Scholars as 'Foreign Agents'
New Russian law requiring NGOs to register as "foreign agents" if they receive funding from foreign sources and are engaged in "political activity" threatens closure of an independent polling agency and raises concerns about climate for scholarly collaborations.
The Association for Slavic, East European and Eurasian Studies has written a letter raising concerns about a new Russian law requiring nongovernmental organizations to register as “foreign agents” if they receive money from foreign sources and are found to be engaging in “political activity.” Among the targets of the new law is the Levada Center, Russia’s preeminent independent polling agency, which has been deemed by prosecutors to be engaging in “political activity” and is threatened with closure.
“To categorize survey research as 'political activity' is to label all scholarly research on society as 'political activity,' negating the possibility of independent, objective, and nonpartisan research,” the association wrote in a letter to the Russian ambassador to the United States, Sergey I. Kislyak.
The Levada Center, which receives less than 3 percent of its budget from foreign sources, has resisted the requirement to register as a foreign agent, arguing that this would compromise its credibility and ability to conduct independent sociological research. In addition to its concern about the fate of the Levada Center, the Slavic studies association has also raised concerns about a potentially chilling effect for scholarly collaborations between Russian and foreign scholars more generally, writing that its members "accept research funding from sources in their own countries and in others, and no democratic government has so far considered them to be agents of foreign influence on these grounds. The decision to label as 'foreign agents' nonprofit, independent, scholarly research organizations that may receive a portion of their financing from international sources sends a chilling message to scholars everywhere, evoking memories of suspicion and repression," the letter states.
“More broadly, this does introduce the question about whether collaborations between the Russian scholarly community and researchers abroad can really continue in that kind of atmosphere," said Stephen E. Hanson, the president-elect of the Slavic studies association and vice provost for international affairs at the College of William and Mary. "Will people fear that the danger of being thought of as a ‘foreign agent’ could apply to them as well?”
The American Historical Association has endorsed the Slavic studies association's letter, stating that the government's "actions will in all likelihood inhibit the research agendas of Russian scholars in a variety of disciplines."
The new law, which went into effect in March, comes at a time when Russian political leaders have been accusing NGOs of promoting Western interests and interfering with internal politics. It targets NGOs specifically, but there are still many uncertainties as to how the law will be enforced, said Andrey Kortunov, the president of the New Eurasia Foundation in Moscow. "We still don’t know what kind of result this law will have because the whole notion of political policy-related activities is quite vague and ambiguous and can be interpreted in so many various ways,” he said.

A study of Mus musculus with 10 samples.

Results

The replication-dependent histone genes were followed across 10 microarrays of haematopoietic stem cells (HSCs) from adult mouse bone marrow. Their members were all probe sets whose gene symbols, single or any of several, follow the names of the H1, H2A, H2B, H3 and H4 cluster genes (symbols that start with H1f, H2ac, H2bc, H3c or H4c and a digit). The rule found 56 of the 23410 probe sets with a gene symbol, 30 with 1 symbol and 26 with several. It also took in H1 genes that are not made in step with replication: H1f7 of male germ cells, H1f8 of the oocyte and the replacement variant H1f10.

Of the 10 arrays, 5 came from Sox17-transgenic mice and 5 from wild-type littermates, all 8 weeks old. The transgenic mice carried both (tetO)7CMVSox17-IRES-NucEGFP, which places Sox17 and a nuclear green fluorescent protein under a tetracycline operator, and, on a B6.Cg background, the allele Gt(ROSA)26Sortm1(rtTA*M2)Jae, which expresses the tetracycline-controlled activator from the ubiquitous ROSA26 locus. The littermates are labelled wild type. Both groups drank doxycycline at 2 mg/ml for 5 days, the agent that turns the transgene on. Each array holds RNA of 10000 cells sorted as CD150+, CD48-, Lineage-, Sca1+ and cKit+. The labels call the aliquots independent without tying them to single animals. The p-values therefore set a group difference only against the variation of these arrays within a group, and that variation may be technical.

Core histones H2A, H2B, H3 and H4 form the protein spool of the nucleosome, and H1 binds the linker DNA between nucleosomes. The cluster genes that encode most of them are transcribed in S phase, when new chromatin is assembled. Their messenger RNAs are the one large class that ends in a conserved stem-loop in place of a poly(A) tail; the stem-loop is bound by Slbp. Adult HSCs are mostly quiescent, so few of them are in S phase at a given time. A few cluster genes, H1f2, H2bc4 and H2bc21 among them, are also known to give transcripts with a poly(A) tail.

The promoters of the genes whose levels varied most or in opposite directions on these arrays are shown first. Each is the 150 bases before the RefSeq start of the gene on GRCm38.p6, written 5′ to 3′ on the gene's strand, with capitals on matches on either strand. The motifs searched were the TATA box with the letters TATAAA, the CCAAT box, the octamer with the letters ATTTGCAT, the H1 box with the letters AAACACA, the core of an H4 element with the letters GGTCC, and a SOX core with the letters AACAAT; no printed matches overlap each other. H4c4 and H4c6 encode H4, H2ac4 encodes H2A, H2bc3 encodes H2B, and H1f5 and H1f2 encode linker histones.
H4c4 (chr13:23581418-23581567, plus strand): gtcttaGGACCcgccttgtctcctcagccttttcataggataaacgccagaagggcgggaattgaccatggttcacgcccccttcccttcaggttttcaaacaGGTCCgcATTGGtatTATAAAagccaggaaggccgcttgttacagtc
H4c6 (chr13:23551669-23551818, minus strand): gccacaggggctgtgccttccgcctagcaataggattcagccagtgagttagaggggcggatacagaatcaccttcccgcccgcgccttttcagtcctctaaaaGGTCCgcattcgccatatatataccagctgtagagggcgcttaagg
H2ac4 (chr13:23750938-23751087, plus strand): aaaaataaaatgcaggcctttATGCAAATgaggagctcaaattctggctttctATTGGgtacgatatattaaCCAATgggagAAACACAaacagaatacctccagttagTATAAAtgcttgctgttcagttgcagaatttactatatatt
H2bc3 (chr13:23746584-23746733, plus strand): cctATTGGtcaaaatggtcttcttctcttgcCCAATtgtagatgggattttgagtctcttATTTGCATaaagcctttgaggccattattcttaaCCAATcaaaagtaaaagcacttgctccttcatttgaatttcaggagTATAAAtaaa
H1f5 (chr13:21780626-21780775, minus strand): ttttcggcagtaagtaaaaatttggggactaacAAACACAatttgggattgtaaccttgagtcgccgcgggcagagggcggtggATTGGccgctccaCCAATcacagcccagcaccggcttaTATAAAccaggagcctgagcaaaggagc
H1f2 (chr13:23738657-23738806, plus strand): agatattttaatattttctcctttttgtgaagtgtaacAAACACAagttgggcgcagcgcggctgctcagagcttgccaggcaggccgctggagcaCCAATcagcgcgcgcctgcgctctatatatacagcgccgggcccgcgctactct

What is evident at this point, Kortunov said, is the intention of the law, which is to expand state control of foreign funding coming into Russia. “I don’t think that we should talk about just one law because this law on foreign agents is just a link in a whole chain of legislation which has the intention of changing the rules of the game between Russia and the external environment,” Kortunov said. "The law on foreign agents is the most graphic manifestation of the intentions of the state. The explicit intention of the state is to control every dollar, every pound, every euro, that is spent by foreign institutions on Russian territory. The assumption is that whatever is not controlled, supervised, steered, or monitored by appropriate state agencies might be used for goals which are detrimental to the Russian society or at least to the interests of the Russian state."
Kortunov said his foundation has been inspected by state authorities, but has not been adversely affected to any significant degree: "there was nothing in our programs that was interpreted as a clear case of politics-related activities," he said. "However, I have to say that the New Eurasia Foundation has never been engaged in sensitive areas like human rights or elections monitoring. We always positioned ourselves as a social development agency,” focused on areas including community development and education.
Dan E. Davidson, the president of the American Councils for International Education, which operates study abroad programs for American students in Russia, as well as recruitment, testing, and advising services for Russian students and professionals participating in Russia-U.S. exchanges, echoed Kortunov in saying that education-related NGOs do not appear to the be the primary target of the new law. “American Councils' Russian Federation presence has the status of a representative office of a foreign NGO,” with offices in Moscow, St. Petersburg, Novosibirsk, and Vladivostok, Davidson said in an email. "If these offices are not engaged in activity deemed to be political in nature, they should be allowed to operate normally. Our experience so far bears this out."